Dave's "Beat Of The Week - 11/14/08

Posted by WBFJ | | Posted on 9:23 AM

I figure that it's time for some redemption so I actually posted ON TIME this week. Those of you looking for something miraculous, well...look elsewhere. This doesn't qualify. Still I guess you could at least call it a wonder if not quite a miracle.

My "Beat Of The Week" comes from Andrew Peterson whose brand new CD Resurrection Letters Volume II recently hit the shelves. For anyone who doesn't know, my all time favorite artist is the late Rich Mullins, who I had the privilege to get to know shortly before his death. Rich's musical void isn't easily filled but Andrew Peterson comes the closest (only without the use of Rich's beloved Hammer Dulcimer). If you're unfamiliar with Rich's works beyond "Awesome God" do yourself a favor and buy A Liturgy, A Legacy, and A Ragamuffin Band first and then buy EVERYTHING else. Andrew Peterson isn't exactly a Mullins clone but he does note him as an influence. Comparisons to Rich are to be found in Peterson's way of matching earthy, folksy musical vibes with lyrics that ache for the Heavenly. Imagine waking up on a fall morning on a camping trip, getting out of your tent or cabin, and seeing a radiant sunrise breaking over the top of a misty mountain range and you get an idea of where both Mullins' and Peterson's music can take you.

I've been a fan of Peterson's from Day One. He was originally signed to Watershed Records, an imprint of Essential, by Cliff Young of Caedmon's Call. The story goes that Cliff hadn't even heard Peterson's voice yet when he decided to offer the contract. He was so drawn to Peterson's lyrical strengths that he signed him "sound unheard." Hey, if you can say sight unseen, I can make up this phrase right? Fortunately the artist more than delivered on musical quality.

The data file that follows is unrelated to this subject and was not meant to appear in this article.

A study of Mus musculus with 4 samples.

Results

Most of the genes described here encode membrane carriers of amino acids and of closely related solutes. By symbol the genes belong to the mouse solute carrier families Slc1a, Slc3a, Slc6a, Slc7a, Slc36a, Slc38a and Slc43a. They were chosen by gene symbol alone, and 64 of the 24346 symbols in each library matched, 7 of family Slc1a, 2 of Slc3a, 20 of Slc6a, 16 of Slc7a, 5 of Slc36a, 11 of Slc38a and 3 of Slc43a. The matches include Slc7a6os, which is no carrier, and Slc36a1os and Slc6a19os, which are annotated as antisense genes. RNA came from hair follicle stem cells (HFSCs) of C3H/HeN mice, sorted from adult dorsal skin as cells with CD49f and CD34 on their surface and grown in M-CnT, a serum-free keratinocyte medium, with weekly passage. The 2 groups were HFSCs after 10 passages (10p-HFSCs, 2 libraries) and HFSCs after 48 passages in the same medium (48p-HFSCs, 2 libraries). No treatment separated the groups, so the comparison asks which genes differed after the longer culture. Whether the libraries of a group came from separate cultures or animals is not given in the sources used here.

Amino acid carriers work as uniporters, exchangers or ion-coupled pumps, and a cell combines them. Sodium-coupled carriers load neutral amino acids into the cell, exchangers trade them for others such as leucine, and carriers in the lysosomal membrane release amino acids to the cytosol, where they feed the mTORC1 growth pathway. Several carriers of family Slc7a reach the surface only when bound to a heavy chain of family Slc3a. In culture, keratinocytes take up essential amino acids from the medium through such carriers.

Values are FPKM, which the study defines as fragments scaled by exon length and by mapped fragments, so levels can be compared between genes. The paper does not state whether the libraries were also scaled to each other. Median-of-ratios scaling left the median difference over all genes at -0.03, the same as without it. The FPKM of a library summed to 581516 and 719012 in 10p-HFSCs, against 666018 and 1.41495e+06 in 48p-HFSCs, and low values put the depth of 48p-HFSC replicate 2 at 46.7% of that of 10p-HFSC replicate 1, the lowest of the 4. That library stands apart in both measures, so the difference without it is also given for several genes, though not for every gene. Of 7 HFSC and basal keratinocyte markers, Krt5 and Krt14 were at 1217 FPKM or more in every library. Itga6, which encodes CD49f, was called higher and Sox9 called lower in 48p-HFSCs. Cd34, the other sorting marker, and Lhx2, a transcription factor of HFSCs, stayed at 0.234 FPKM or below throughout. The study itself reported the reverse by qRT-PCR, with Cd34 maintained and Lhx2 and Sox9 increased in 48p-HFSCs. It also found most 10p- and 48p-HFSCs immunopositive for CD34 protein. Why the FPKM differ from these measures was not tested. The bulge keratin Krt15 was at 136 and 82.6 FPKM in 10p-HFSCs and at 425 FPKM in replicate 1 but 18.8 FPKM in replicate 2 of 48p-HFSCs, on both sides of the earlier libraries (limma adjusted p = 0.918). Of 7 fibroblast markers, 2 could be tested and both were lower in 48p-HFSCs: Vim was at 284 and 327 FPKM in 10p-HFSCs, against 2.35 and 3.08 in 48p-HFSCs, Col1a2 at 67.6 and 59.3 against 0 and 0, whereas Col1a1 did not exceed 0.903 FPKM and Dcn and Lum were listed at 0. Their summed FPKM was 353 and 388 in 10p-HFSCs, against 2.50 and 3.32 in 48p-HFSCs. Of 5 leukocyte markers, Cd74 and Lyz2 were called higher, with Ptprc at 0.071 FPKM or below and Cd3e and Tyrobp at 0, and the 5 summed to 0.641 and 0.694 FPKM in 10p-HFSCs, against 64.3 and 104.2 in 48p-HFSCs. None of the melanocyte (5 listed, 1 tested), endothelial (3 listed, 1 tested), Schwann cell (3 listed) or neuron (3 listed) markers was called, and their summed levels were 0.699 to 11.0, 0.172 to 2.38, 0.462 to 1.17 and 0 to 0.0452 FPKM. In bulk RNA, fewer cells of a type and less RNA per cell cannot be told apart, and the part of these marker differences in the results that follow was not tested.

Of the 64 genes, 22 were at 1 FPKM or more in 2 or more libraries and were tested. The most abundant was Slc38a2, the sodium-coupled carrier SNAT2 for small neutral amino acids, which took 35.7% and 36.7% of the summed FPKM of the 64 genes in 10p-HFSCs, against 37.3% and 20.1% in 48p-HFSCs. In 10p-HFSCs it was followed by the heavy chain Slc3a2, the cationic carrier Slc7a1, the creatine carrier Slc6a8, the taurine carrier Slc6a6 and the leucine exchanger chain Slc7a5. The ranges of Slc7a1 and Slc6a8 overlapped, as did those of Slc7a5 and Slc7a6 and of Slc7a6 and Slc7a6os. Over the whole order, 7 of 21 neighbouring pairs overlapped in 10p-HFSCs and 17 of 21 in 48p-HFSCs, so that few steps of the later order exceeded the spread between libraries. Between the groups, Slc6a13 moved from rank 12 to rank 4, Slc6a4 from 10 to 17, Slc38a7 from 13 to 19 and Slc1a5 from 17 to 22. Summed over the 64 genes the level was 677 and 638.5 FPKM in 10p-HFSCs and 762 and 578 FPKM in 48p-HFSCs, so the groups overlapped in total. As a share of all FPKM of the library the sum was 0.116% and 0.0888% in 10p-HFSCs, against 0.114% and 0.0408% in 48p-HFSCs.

Peterson recently inked a deal with Centricity Records and his new project is his first for the label. It's on my short list for tops of the year. If you're wondering where you can find Volume I, don't. Believe it or not, Volume II comes first this time. It was while writing these songs, with a focus on how the resurrection of Christ impacts our world and our lives, that he decided to tell the story of that resurrection, which made ours possible, the next time out.

Hands down, my favorite track on Volume II is "Hosea" which recreates the story of the old testament prophet and his wayward wife, Gomer. We see the loving power of God in how Hosea's wife responds to her never-wavering husband. I wish I could print the lyrics to the whole song but let's just say that the song starts with Hosea's wife lamenting that she can't stay faithful. "I hear the sound of the streets of the city/My belly growls like a hungry wolf and I let it prowl till my belly's full." It moves on to show the results of sin with lines like "I stumbled and fell in the road on the way home/Hosea, Hosea/I lay in the brick street like a stray dog." But it doesn't stop there. The turning of a person's heart to Christ has never been put more poignantly in a song than with the lines "You called me out to the Valley of Trouble just to look at the mess I've made/a barren place where nothing can grow/One look and my stone heart crumbled - it was a valley as green as jade/I swear it was the color of hope/You turned a stone into a rose, Hosea...I am a slave and a harlot no more." Wow.

There isn't a bad song or an off track in the bunch on this disc. "All You'll Ever Need" is about the blood of Jesus being the only necessary thing in this world. "Don't Give Up On Me" is an earnest plea for understanding during marital struggles. "Hosanna" and "I've Got News" find the artist showing that we don't always live up to the grace that we've received but how that same grace is given regardless.

I could go on and name every track but I'll be content to let you discover the rest of the treasure that is Resurrection Letters Volume II for yourself.

Check out Andrew Peterson at www.andrew-peterson.com or www.myspace.com/andrewpetersonmusic.